Editorial: Community benefits agreement disagreements

The ongoing court battle over the BC NDP government’s Community Benefits Agreement (CBA) raises more questions about the allocation of public funds during a time when those funds are evaporating on all fronts.


Businesses and workers do not need to be a member of, or a sympathizer with, the construction association coalition that is challenging the government’s imposition of the CBA to appreciate the wrong-headedness of the agreement. Spearheaded by the Christian Labour Association of Canada (CLAC), the coalition’s legal challenge in the BC Court of Appeal argues that the CBA is an unfair, unethical and discriminatory policy in part because it in effect requires all major public construction projects in B.C. to be built by unionized workers.

There is nothing wrong with preferring union over non-union labour. The union movement has been fundamental in improving the employment conditions for workers all over the world. In many jurisdictions it is now under siege by a corporate culture championing contract employees primarily because they come without full-time employee benefits costs. That is not good for workers and communities. But what is also not good for workers, taxpayers and communities is a legislated adherence to government policies that discriminate against non-unionized companies, many of which provide the same employee benefits as their unionized counterparts and deliver the same quality of services and products.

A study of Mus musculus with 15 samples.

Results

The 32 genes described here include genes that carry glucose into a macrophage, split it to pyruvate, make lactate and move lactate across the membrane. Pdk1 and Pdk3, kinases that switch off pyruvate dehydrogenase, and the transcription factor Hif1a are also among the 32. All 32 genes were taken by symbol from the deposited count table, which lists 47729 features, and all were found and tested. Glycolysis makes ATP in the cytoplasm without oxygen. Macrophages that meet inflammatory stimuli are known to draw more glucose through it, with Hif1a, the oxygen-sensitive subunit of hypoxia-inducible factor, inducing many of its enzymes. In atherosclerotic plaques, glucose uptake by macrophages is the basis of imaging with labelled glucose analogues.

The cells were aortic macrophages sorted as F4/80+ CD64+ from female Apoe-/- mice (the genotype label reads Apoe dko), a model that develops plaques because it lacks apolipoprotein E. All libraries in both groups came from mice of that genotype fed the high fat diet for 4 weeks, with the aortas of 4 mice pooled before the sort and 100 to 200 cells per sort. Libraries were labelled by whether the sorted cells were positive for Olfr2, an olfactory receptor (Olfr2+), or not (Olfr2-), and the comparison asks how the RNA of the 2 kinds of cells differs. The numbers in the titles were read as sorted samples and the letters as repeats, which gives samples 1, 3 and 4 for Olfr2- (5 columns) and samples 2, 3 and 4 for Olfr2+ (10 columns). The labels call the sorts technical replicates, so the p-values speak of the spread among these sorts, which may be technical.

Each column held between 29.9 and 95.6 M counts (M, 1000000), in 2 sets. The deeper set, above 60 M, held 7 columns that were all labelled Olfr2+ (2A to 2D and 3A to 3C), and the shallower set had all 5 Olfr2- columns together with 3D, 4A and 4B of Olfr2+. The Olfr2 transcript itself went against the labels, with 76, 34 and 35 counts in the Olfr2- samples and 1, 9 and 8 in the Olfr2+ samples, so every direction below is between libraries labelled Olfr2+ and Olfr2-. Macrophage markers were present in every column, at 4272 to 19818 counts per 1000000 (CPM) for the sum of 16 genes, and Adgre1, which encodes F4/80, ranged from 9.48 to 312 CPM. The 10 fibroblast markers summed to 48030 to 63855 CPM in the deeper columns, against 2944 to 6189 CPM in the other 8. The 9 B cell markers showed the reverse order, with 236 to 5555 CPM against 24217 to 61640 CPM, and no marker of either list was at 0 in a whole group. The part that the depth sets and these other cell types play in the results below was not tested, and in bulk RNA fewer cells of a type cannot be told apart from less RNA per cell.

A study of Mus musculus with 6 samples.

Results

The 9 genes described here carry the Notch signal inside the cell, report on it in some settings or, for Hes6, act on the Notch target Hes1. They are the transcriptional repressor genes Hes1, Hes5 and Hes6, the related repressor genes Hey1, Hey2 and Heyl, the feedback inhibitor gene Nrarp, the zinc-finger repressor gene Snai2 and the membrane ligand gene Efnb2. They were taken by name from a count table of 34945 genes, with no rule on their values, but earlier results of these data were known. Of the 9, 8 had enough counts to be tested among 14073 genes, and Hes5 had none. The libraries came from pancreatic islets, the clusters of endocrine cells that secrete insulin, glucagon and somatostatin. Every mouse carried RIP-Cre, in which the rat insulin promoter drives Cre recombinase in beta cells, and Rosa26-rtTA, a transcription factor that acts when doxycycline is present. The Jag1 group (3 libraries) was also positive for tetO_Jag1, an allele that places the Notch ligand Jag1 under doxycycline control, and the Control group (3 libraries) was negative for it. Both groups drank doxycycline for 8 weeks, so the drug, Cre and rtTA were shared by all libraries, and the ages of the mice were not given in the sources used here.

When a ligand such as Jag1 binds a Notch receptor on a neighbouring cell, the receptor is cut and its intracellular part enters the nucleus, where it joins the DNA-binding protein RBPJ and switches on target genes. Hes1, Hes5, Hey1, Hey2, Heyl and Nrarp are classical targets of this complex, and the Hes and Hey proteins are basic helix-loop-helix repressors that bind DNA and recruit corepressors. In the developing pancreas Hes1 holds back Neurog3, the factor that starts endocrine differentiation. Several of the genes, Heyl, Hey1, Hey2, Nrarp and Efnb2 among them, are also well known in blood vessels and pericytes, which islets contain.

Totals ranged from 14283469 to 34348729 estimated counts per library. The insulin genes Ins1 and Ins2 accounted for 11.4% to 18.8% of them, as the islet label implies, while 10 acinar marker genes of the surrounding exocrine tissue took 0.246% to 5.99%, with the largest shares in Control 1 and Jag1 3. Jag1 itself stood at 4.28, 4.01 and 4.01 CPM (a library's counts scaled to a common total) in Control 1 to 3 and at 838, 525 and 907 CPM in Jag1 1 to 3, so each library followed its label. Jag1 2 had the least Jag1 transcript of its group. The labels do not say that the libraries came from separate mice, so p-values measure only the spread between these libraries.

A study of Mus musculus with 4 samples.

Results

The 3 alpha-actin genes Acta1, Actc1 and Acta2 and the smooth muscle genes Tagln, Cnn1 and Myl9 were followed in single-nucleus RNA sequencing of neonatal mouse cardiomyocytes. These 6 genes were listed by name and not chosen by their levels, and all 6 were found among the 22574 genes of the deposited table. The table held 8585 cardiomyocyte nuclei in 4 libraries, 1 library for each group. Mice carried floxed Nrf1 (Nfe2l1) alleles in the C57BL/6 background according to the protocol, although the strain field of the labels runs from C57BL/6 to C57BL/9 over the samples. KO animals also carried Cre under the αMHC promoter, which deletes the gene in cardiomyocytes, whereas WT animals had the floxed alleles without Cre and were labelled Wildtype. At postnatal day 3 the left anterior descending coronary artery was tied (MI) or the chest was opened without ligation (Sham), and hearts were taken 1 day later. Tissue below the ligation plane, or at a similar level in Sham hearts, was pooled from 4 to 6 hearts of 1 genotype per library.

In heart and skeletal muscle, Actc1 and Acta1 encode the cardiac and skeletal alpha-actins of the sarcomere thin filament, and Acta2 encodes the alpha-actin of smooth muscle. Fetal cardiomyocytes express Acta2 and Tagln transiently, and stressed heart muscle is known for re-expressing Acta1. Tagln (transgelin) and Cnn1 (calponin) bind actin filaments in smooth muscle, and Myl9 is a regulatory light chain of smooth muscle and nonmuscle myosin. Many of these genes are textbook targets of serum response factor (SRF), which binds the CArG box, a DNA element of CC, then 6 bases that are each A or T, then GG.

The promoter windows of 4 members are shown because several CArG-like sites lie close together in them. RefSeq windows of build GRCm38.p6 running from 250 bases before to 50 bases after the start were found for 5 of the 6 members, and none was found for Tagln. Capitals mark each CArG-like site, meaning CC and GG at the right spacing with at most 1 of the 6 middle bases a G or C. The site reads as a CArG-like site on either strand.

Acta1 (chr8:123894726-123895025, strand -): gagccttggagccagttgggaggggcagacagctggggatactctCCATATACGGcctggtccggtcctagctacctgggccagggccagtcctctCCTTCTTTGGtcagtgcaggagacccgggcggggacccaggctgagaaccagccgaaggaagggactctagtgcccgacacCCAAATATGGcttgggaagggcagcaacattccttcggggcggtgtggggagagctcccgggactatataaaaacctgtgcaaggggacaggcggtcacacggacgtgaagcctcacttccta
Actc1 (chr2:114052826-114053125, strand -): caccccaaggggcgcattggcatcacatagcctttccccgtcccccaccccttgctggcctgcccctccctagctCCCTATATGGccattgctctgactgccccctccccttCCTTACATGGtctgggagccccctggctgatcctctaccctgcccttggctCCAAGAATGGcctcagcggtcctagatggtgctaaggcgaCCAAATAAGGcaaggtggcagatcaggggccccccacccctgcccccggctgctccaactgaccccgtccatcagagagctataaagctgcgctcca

Also not good for taxpayers is a policy that requires employees of open-shop companies to join a designated union when working on major public infrastructure projects.

The CLAC coalition estimates the the CBA has already added $384 million to public project costs. In a province now burdened with a $12.5 billion deficit, foisting that politically motivated premium on already financially stressed taxpayers is wrong.